Draghi Faces Calmest Europe Stock Market Since QE Kicked Off

The Calm Before the Storm? Draghi May Shake Things Up
  • VStoxx lowest before an ECB meeting since April 2015
  • Equities recoup post-Brexit drop to trade near 3-month high

A rare moment of calm in Europe’s stock market greets Mario Draghi as the European Central Bank meets this week on interest rates.

Volatility hasn’t been this low in the days preceding an ECB meeting since the start of quantitative easing in 2015, lending cover for the central-bank president should he choose to leave policy mostly alone, as economists forecast. The VStoxx Index trades 23 percent below its average before the ECB’s last 10 decisions, a level of tranquility that has little precedent since interest rates were cut and bond purchases begun last year.

It’s a stark contrast to previous meetings, when Draghi faced upheaval and pressure to allay concerns ranging from a slowdown in China to Britain’s shock vote to secede. Equities have recovered from their post-Brexit slump and investors are taking their cue from American markets, where the CBOE Volatility Index just posted one of its calmest months since the financial crisis.

While traders are divided on whether the Federal Reserve will tighten in September, bets on a rate cut in Europe have tumbled since July.

“It’s a little surreal that volatility is this low,” said Peter Garnry, head of equity strategy at Saxo Bank A/S in Hellerup, Denmark. “It’s all very wait-and-see. The ECB won’t do anything before the Fed acts. Draghi is satisfied with that, and for once markets are satisfied too. It may be quiet now but it’s not a stupid move to buy some cheap protection here.”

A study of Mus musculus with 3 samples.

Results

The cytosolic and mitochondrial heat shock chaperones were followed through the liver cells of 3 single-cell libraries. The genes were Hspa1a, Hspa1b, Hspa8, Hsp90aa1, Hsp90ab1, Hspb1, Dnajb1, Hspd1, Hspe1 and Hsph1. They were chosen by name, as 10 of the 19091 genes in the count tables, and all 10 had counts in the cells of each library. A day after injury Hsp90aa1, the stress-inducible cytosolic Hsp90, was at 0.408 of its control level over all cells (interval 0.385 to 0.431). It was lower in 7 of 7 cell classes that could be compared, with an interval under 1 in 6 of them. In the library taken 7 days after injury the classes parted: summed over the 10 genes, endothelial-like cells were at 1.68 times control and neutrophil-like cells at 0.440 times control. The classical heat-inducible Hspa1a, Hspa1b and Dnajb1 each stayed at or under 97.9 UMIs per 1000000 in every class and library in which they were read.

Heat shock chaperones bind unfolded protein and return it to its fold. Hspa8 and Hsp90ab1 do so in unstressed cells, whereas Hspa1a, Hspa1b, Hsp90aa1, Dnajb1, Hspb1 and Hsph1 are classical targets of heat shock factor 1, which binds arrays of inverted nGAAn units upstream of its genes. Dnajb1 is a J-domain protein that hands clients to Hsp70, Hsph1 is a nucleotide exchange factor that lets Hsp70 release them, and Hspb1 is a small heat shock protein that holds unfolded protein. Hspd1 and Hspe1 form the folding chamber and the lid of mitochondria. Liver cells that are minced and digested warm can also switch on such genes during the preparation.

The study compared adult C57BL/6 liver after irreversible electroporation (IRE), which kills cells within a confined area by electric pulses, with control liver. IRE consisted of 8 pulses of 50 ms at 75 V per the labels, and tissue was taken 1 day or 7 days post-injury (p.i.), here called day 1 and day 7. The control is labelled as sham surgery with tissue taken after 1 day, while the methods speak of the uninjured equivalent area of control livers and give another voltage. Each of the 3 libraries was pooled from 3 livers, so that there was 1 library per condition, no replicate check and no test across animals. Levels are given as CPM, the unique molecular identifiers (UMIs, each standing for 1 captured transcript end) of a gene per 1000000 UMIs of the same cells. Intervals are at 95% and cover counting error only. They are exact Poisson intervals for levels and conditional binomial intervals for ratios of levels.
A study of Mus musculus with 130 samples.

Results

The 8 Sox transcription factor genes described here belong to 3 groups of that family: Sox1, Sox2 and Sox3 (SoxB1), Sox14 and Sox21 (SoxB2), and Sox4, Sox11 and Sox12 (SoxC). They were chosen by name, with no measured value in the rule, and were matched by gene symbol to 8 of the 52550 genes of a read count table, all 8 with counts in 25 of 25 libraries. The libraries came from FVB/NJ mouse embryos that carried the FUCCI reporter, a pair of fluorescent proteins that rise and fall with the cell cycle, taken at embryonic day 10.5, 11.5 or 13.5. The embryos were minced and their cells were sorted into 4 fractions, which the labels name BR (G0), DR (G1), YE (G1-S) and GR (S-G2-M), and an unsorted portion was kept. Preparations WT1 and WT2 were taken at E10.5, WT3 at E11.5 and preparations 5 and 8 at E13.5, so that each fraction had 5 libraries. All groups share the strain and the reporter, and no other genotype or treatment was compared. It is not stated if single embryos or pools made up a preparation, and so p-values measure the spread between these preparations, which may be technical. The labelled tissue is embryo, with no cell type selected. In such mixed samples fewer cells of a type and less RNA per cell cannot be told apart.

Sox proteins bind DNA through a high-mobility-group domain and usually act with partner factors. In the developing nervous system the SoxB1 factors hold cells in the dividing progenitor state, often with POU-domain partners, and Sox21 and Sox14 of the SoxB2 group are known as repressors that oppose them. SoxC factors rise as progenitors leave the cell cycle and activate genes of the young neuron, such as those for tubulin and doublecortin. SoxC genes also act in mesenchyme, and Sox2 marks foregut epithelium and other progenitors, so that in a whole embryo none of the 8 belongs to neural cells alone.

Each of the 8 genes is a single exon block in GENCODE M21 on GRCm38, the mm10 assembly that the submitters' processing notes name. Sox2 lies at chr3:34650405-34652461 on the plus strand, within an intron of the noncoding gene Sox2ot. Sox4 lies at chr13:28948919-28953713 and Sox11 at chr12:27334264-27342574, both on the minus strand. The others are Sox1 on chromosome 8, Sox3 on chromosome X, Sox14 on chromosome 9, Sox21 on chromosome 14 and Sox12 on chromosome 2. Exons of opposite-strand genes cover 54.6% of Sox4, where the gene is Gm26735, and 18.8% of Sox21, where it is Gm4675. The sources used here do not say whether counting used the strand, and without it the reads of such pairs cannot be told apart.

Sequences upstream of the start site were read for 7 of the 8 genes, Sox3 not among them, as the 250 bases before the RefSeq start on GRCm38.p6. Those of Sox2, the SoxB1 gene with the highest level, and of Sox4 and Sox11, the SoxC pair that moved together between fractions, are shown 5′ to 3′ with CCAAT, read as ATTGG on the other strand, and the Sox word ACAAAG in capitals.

The VStoxx Index, which tracks volatility expectations for the Euro Stoxx 50 Index, declined 52 percent since a June peak through Tuesday as central banks in Europe and the U.K. assured investors they’d be ready to react to any fallout from Brexit. The gauge in August posted its first back-to-back monthly drop since early 2015, when Draghi soothed equity markets by announcing an asset-purchase plan. It lost 2.7 percent on Wednesday.

Also taking the pressure off the ECB for further rate cuts are better-than-expected economic data in the past two months. While traders were pricing in more than even odds of a deposit-rate cut on Thursday as recently as July, the probability is now about 11 percent. The Euro Stoxx 50 has rallied 14 percent since a low in June, rising to a three-month high last week.

The ECB will probably extend its 1.7 trillion euro ($1.9 trillion) asset-purchase program beyond its current end-date of March 2017, according to most economists in a Bloomberg survey. The central bank on Thursday also publishes updates to its forecasts for gross domestic product and inflation, helping guide investors on what to expect for the rest of the year.

For some, the concern is that the economic momentum is too fragile to handle political risks. While euro-area equities have recovered declines stemming from the Brexit vote, strategists at Barclays Plc highlighted Italy’s referendum on constitutional changes, expected in November, as a potential threat to growth prospects. A Citigroup Inc. index of economic surprises for the region has turned negative for the first time since July, meaning reports that miss projections outnumber those that surpass them.

“In view of the systemic importance of the Italian banking sector for Europe, we subscribe to the view that a confirmation of the referendum date could lead to an expansion of the risk premium, in line with the experience ahead of the U.K. referendum,” Barclays equity derivative strategists led by Christian Kober wrote in a Sept. 5 note.

Daniel Murray at EFG Asset Management remains optimistic, predicting that volatility will stay muted after Thursday’s meeting. The VStoxx Index is down 14 percent for 2016, and near its lowest level in more than a year.

“The outlook for the ECB on Thursday is relatively benign,” said Murray, head of research at EFG in London. “I don’t think this meeting will contain many surprises. The macro data in Europe has been remarkably well-behaved. While there were some concerns at the beginning of the year that the situation will deteriorate significantly, the year has proven to be relatively stable.”